The Future of Our Energy Grid: Vulnerabilities as it Shifts from Fossil Fuels to Renewable Sources

Our electric grid is comprised of generation facilities, high voltage transmission networks, substations, renewable point generation sources, and low voltage distribution networks.

Protecting the electric grid from cyber-attacks is complicated by its enormous scale – upwards of 7,000 power plants, more than 150,000 miles of high voltage transmission lines, and more than 50,000 substations. Some are managed by massive regional super utilities and others by small municipal utilities.  Add into this the interconnections among these power systems and the complexity is unimaginable.

Two further complications are the reality of old infrastructure that was designed to be robust against typical weather related events, but not today’s cyber threats and the asymmetrical nature of the threat. Inexpensive small attacks can have crippling impacts on the US economy.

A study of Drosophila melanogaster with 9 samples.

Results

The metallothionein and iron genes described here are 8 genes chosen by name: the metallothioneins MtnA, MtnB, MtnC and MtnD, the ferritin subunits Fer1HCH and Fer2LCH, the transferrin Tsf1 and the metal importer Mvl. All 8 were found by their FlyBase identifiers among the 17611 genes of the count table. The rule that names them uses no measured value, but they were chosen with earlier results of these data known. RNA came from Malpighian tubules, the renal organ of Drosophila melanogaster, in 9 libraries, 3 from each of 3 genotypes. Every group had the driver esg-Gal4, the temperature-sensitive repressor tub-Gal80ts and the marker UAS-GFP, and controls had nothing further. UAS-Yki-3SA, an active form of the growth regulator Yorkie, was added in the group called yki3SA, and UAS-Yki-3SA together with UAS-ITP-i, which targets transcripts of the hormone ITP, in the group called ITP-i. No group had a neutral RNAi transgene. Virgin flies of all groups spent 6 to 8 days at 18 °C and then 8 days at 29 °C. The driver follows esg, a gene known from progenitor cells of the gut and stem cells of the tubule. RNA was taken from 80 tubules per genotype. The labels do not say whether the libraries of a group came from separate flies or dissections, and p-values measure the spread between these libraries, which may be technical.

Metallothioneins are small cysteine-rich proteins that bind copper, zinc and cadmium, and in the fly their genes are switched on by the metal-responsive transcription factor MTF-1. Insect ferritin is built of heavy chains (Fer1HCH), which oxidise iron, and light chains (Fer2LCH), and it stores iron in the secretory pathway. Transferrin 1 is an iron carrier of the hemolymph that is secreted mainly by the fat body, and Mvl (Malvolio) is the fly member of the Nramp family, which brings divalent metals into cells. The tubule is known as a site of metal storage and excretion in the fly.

The core large scale generation systems and high voltage transmission networks are better prepared to deal with cyber-attacks than the periphery. The North American Electrical Reliability Corporation (NERC) has developed rules governing Critical Infrastructure Protection (CIP). These rules describe both the physical and electronic controls such as authentication, authorizing actions, and monitoring for attacks.

Background Note: Cyber-attacks on electric grids are usually either Denial of Service (DoS) attacks, which tend to be brute force attacks intended to simply overwhelm the control computers or more sophisticated Business Process (or machine) Compromise attacks (BPC).  These BCP attacks target specific devices in the grid and disable them (think Iranian centrifuges).

The problem with wind and solar generation is that they are generally small scale facilities that connect at the periphery – the least cyber secure part of the grid.

One final problem to ponder is the culture of the US power industry itself; this is an industry that moves at glacial speeds. It is common for technology refresh cycles to be measured in 10 year increments. That is good from a durability perspective, but completely misses the mark from a cyber security perspective.